Tyler Resch | The Fourteenth State: Tales of Early Blacks in Vermont


Elise Guyette is a Vermont teacher, historian, and author driven by a mission to explore and preach diversity in this mostly white state. Her book "Discovering Black Vermont" treats a subject long neglected in Vermont history by focusing on a network of lives and accomplishments of early African-American citizens.

Published by the University of Vermont Press in 2010, her book describes with labor-intensive research the lives of seven black farm families in one corner of the Chittenden County town of Hinesburg during the century 1790 to 1890. These families lived successfully near what the author calls the Hill (always capitalized). Often the blacks fit smoothly into the white society, but always in the background loomed the specter of racism, sometimes subtle and sometimes not.

To apply a magnifying glass to the workings of a neighborhood some two hundred years ago the author used the genealogist's sources such as vital records (birth, marriage, death), federal censuses, probate and tax records, newspapers, and gazetteers. She also tapped skillfully into an ingenious assortment of published essays and studies at national, regional, and state levels.

Guyette writes, "Expanding our traditional histories to include these rural farmers reminds us that our heroic past includes people of color who successfully negotiated a racialized society and passed their knowledge and skills for doing so on to the next generations. It also shows us how vulnerable their situations were."

She first demonstrated her interest in 1986 by writing "Vermont: A Cultural Patchwork," which looks at the history of the state through different lenses. The story begins with the native peoples (mostly Abenakis), then come the French and Dutch, who first settled before those of mostly British origin took over. Vermont develops from "Grants" to statehood and on through ups and downs of life that include the abolition and suffrage movements, the big flood of '27 and on to environmental issues, and even some recipes.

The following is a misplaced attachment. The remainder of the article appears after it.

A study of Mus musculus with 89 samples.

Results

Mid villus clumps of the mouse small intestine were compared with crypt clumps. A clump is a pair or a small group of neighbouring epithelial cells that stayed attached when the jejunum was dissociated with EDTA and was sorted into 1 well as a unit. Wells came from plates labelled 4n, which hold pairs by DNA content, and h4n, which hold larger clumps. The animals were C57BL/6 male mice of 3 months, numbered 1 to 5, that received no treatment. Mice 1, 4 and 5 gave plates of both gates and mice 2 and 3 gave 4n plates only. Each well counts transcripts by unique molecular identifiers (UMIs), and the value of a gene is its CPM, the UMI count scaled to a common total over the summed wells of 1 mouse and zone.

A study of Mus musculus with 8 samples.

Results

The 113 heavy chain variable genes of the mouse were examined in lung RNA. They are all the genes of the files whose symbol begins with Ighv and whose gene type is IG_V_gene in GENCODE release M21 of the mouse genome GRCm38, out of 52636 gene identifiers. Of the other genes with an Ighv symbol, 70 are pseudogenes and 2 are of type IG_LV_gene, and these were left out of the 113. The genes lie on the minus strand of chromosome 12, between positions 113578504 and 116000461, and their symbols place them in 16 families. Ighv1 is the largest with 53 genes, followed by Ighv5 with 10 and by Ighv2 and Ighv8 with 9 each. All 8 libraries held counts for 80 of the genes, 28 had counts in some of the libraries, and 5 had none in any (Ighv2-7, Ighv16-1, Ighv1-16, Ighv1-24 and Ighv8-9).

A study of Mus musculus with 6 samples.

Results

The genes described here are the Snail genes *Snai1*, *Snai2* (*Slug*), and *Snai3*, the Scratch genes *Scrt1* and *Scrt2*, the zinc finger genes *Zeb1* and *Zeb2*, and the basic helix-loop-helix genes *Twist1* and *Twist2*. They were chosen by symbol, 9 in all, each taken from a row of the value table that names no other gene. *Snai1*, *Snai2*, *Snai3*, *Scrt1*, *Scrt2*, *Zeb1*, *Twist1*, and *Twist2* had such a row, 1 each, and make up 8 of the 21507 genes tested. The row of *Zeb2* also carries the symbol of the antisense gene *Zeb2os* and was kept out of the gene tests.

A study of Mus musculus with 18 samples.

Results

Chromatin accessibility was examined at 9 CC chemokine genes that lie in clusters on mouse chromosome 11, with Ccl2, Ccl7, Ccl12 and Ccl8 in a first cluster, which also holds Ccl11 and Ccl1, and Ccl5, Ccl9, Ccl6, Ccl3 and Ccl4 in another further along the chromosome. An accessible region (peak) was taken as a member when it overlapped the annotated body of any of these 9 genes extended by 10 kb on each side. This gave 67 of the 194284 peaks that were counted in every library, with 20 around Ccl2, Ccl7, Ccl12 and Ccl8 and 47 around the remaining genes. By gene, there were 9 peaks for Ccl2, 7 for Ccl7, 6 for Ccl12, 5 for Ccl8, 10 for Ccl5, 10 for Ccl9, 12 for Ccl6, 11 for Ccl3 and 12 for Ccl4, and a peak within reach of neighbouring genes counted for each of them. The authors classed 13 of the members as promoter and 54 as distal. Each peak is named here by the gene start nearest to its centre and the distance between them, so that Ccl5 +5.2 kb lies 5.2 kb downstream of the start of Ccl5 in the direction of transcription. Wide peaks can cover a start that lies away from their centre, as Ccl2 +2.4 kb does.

Guyette's thesis might be summarized in these words from her introduction: "People from different races and ethnic backgrounds add color and richness to our history. The hopes and dreams of thousands of people from different times and places are sewn into the fabric of our state."

"Cultural Patchwork" was followed by her 1992 master's thesis at UVM, "Black Lives and White Racism in Vermont 1760-1870." Then came a paper at the Vermont Folklife Center in Middlebury called "Behind the White Veil: A History of Vermont's Ethnic Groups." It was a chapter in the publication "In Many Cultures, One People: A Multicultural Handbook about Vermont for Teachers" edited by Gregory Sharrow.

Guyette also wrote an article in Vermont History magazine in 1993 called "The Working Lives of African Vermonters in Census and Literature 1790-1870."

Her interests in diverse ethnic groups began, she has written, when she discovered in the fourth grade that her own people, French-Canadian, Lebanese, and Irish, had been left out of her Vermont history text. And when she began teaching, the same little green textbook was given her to teach her first students. This reminded her of "the sting of being overlooked" and led to an adult life in pursuit of stories that were omitted from traditional histories.

Tyler Resch is a regular Banner columnist.